The Slow Food Movement

by Brandi Savitt – June 13, 2011

Eat Locally & Affordably

This past weekend, a few friends and I had the great pleasure of taking a tour of Stone Barns, the 80-acre four season farm and home of the acclaimed farm-to-table restaurant Blue Hill,  just north of New York City.  Once a dairy farm owned by the Rockefellers, the Rockefellers have since designated the farm as a nonprofit institution dedicated to creating a healthy and sustainable food system, training farmers in resilient, restorative farming techniques, and educating children about the sources of their food.  –All the essence of the Slow Food Movement.

The idea for our adventure began when we wanted to do something special for our friend Jocelyn’s birthday.  Our food loving group not only enjoys to eat (a little too much), but we also are interested in learning more about the food we buy.  However, the sad truth is:  eating well today can be extremely expensive! So, how can you support local farmers and eat the freshest, cleanest food possible without spending your entire paycheck? The first step is to get educated.  So, this week on Fab & Fru, we’ve dedicated the entire issue to talking about eating well and spending wisely. And first up is – The Slow Food Movement!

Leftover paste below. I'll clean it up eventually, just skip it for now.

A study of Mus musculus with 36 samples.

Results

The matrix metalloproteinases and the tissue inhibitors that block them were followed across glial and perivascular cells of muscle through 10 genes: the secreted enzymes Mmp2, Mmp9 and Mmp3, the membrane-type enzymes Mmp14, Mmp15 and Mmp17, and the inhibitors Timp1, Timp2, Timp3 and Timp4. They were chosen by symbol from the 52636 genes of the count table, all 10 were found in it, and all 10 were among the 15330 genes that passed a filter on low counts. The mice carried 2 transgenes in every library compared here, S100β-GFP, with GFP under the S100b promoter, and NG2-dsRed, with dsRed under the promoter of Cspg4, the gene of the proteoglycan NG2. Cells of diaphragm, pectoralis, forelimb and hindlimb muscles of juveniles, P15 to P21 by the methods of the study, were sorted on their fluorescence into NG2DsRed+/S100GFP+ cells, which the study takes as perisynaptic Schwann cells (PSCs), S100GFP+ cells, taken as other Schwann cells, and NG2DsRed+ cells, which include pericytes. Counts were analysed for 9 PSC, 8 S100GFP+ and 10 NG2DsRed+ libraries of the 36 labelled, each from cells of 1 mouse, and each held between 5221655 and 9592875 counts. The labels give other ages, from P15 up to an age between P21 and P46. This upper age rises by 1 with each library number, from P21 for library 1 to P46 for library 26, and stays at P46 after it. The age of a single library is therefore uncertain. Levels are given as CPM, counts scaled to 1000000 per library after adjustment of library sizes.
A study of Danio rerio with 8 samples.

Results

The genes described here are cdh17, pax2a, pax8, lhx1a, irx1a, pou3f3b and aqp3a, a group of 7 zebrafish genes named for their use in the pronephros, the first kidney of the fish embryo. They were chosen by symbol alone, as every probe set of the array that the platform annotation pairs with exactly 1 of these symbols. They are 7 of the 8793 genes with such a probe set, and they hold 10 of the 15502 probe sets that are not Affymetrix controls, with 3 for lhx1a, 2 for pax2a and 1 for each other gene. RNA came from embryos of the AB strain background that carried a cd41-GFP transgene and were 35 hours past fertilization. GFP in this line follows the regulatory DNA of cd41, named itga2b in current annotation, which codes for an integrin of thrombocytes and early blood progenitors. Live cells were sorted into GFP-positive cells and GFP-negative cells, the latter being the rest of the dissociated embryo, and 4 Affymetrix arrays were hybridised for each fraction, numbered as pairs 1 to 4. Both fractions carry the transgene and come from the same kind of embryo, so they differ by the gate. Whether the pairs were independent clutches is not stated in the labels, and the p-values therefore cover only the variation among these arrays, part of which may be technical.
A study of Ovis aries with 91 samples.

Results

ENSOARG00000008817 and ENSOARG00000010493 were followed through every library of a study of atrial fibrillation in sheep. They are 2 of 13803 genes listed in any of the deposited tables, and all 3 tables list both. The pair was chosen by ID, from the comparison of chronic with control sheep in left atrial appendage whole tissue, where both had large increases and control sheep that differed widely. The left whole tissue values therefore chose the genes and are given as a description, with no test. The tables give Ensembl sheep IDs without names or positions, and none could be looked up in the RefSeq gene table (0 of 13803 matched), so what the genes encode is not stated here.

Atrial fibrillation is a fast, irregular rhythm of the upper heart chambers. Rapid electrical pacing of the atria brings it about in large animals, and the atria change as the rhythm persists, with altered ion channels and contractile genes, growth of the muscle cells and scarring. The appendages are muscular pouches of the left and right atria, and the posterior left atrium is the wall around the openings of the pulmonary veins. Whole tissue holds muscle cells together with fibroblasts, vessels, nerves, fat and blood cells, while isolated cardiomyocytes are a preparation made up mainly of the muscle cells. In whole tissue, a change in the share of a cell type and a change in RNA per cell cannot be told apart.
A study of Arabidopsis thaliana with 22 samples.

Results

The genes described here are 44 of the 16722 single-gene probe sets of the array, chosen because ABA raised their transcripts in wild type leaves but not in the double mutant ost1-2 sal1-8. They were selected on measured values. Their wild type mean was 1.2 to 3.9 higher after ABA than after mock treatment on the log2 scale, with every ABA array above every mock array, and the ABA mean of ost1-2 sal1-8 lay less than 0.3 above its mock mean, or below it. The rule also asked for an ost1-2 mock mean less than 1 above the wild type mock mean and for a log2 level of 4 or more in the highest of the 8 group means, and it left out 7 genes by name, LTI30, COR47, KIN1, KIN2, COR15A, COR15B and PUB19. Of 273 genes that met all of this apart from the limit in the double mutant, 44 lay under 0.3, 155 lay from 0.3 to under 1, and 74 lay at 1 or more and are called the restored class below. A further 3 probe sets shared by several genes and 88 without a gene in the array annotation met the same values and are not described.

What is Slow Food Anyway?

Slow Food is a global, grassroots organization with supporters in 150 countries around the world who are linking the pleasure of good food with a commitment to their community and the environment.

A non-profit, member-supported association, Slow Food was founded in 1989 in Italy by Carlo Petrini.  The purpose of the movement was to counter the rise of fast food and fast life, the disappearance of local food traditions and people’s dwindling interest in the food they eat, where it comes from, how it tastes and how our food choices affect the rest of the world.

Many local restaurants and farmers in the US are embracing the philosophy of the Slow Food Movement, which is one reason you see more and more Farmer’s Markets popping up and restaurants using organic, locally produced produce, meat and dairy.  People are finally going back to basics and they want to know where their food is coming from!

Know Thy Farmer (TM)

Eating organic doesn’t always mean that you have to buy your produce and meat at the most expensive health food store in town!  And while the price for locally grown veggies sometimes costs a little more than your packaged salad mix at Costco, shopping at weekly Farmer’s Markets or buying a share in a CSA is a great way to pay less for quality produce than at many other grocery stores.

Buying directly from the farmer also allows you to inquire about the farm’s practices of how they grow their fruits, veggies and raise their animals.  -Paying for the government’s organic seal of approval may not be an affordable option for all small farms, but talking to the farmer about their use of pesticides and fertilizer will give you an even better idea of how what you are actually eating and if it’s chemical free, free range and healthy!